Plant spawning killies such as those of genus Aphyosemion or genus Epiplatys lay their adhesive eggs singly among the fine leaves and roots of weeds in their natural habitats. In the aquarium, they may simply be left to procreate among the leaves of a densely planted aquarium (Java Moss is especially useful for this purpose), but this strategy leaves eggs and new fry at the mercy of their parents and other tank inhabitants, and vulnerable to the attacks of fungus. This method does often work, but other more productive methods have been developed.
Since they are so tough (and often large), killifish eggs can be easily collected by hand and removed to safer premises for incubation. To make the eggs easy to find, you provide a floating nylon yarn mop as a substitute for natural plants. It's easy to make a mop. First, wind a length of colorfast yarn (color is unimportant, but I use brown because it makes the eggs easier to spot) around a book about 8 or 9 inches (20 to 23 cm) high. Make about 20 loops. Then slip a shorter piece of yarn (5 inches or 13 cm) under the winding and knot it tightly around the bundle at one edge of the book. Finally, cut through the bundle at the the opposite edge. You can tie the ends of the knotted yarn around a cork if you wish the mop to float, or leave it as it is and let it sink. It's a good idea to wash the mop in hot water (with no soap) before using it.
When your killies have spawned, pull the mop out of the tank and squeeze it gently to wring out the excess water. Then, working in moderate light (some eggs may be harmed by exposure to intense light), examine the mop. Fertile eggs look like tiny crystal balls, transparent and shiny. You can remove them from the mop with your fingers, a toothpick, or tweezers. Within a short time of being laid, fertile eggs become quite hard, so you don't need to worry much about crushing them. I use a toothpick (because I have clumsy fingers and don't trust myself with tweezers), which I place next to an egg and rotate. The sticky thread that binds the egg to the mop adheres to the toothpick; when the toothpick is removed the egg comes along with it.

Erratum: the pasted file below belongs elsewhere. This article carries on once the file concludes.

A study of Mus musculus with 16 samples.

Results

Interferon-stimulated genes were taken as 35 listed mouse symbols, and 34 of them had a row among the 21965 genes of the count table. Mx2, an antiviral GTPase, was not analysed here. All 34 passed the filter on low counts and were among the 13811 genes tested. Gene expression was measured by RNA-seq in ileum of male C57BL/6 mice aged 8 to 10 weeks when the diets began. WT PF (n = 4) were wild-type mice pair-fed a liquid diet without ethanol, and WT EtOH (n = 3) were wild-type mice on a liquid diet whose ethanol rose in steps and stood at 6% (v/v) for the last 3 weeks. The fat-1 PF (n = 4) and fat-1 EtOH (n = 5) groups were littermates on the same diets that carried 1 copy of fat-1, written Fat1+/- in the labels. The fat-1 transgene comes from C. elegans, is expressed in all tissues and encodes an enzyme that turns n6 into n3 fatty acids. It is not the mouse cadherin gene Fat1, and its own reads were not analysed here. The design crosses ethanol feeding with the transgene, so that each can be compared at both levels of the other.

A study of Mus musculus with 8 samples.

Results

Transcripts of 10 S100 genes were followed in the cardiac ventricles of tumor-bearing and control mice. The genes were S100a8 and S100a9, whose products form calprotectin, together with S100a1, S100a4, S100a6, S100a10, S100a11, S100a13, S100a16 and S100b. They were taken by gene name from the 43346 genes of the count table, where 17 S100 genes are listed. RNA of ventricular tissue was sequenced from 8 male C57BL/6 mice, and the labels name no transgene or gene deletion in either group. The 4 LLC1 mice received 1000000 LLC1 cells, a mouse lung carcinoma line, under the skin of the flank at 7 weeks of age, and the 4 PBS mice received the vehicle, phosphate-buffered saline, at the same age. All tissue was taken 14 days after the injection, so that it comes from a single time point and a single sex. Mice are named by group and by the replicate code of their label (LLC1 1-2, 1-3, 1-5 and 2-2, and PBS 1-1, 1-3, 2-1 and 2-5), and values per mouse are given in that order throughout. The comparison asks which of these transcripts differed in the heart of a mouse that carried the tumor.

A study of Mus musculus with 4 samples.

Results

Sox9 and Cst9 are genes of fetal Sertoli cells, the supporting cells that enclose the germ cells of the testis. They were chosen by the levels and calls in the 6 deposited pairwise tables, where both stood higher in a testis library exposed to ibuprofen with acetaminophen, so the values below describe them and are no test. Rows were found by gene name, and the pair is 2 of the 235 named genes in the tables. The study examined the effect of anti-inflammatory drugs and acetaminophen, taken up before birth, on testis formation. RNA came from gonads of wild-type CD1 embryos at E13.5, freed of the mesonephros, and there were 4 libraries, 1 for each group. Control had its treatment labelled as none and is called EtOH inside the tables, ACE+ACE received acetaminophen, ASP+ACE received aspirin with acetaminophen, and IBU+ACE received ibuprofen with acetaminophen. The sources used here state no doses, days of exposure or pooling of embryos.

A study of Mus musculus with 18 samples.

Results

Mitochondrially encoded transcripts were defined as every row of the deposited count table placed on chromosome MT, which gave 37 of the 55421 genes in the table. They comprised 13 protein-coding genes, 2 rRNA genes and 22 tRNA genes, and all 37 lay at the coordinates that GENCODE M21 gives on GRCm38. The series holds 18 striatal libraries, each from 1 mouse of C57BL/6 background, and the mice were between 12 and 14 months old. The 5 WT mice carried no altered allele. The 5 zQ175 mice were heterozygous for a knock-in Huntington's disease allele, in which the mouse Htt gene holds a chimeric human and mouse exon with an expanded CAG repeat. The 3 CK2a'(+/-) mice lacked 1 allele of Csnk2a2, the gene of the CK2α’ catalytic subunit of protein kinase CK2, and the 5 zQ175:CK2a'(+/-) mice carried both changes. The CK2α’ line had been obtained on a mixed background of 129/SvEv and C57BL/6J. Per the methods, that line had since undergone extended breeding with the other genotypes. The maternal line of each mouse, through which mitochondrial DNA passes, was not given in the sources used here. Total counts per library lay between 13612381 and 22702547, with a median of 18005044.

Killie keepers incubate the plant spawner eggs in several different ways. Some store them in a container of water with acriflavine added to inhibit fungus growth. I use one drop per cup (240 ml) of water. As the eggs develop, some inavariably die or are infertile. These turn white and may become covered with hairy fungus, and should be removed lest they infect the viable eggs. It's a good idea to move the eggs daily to a clean container (washed without soap) with a fresh acriflavine solution; this helps retard fungus growth further. Fertile, healthy eggs gradually start showing pigmentation and soon eyeballs are apparent. When the egg stares back at you (that is, when the iris is well-formed and shiny) it's ready to hatch. Depending on the species and temperature, this may take between 10 and 28 days.
The dry incubation method sometimes works when the wet method fails. Harvested eggs are placed singly atop moist peat moss in a closed, darkened container. You place them apart from each other to prevent fungus from spreading among them, and check them every day to remove dead and fungused eggs. When they are ready to hatch, you place them in some tank water and start preparing some live food for them to eat. This method is sometimes preferable because it seems to reduce fungus attacks on the eggs and allows you to coordinate (within limits) the hatch times of multiple batches of eggs.
Killifish eggs sometimes suffer from a strange condition. Although they may be obviously alive and ready to hatch, some never seem to able to break out of the shell on their own. These fry are likely to die in their shells unless they are helped along. Hobbyists accomplish this by increasing the temperature, dissolved carbon dioxide level, and movement of the water. That is, they put the eggs in a vial with a little water, breathe into the vial and cap it, and then carry the vial around in a pocket, shaking it occasionally. Believe it or not, this often does the trick. Others add a few microworms (nematodes) to the egg container to boost the CO2 level and provide some agitation.